Texas Gov. Rick Perry made a short stop in Denton Friday morning, during the “crush and rush” of campaigning leading up to the primary election on March 2, with early voting already under way.
Perry, a Republican seeking his third four-year term as governor, greeted more than 100 Denton County residents — most of whom were invited by Perry’s campaign through e-mail — at the Jupiter House coffee shop on the Square.
He debated against U.S. Sen. Kay Bailey Hutchison and GOP activist Debra Medina at the University of North Texas last month.
Frank Phillips, the county’s elections administrator, said Friday that 4,566 Denton County voters had cast ballots so far — 4,087 Republicans and 479 Democrats.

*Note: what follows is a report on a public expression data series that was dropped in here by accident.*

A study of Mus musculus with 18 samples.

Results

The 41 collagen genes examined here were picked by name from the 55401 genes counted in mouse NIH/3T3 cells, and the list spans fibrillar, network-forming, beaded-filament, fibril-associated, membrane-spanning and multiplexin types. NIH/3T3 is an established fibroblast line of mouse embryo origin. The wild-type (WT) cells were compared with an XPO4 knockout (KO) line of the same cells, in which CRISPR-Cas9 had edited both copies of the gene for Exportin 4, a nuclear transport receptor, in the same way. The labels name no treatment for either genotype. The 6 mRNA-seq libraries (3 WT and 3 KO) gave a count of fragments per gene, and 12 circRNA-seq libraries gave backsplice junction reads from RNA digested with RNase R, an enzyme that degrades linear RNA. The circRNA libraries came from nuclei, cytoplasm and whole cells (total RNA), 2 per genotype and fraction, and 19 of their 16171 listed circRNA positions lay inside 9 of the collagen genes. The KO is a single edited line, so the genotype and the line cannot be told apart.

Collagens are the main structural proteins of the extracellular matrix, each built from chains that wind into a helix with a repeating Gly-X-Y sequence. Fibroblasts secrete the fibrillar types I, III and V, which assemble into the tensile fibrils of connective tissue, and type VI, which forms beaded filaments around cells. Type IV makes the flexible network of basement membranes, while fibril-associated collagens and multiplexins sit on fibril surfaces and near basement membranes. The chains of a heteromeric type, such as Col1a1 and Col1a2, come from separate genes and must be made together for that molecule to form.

Perry said Denton County will be important for Republican candidates to win.
“Denton is a very dynamic community. … It’s a powerful GOP stronghold,” he said.
As Perry walked into Jupiter House, about a dozen protesters who were littered throughout the audience started clapping and yelling “Death row, hell no!”
The owners quickly and physically escorted the protesters out of the shop, but they continued to protest with banners on the sidewalk.
UNT student Laura Lamb, one of the organizers of the demonstration, said her fellow protesters attended the event to publicly disagree with Perry and his stance on capital punishment.
“We do not support state-sponsored murder,” Lamb said.
Texas Moratorium Network (TMN) is a non-profit organization with the primary goal of mobilizing statewide support for a moratorium on executions in Texas. Significant death penalty reform in Texas, including a moratorium on executions, is a viable goal if the public is educated on the death penalty system and is encouraged to contact their elected representatives to urge passage of moratorium legislation.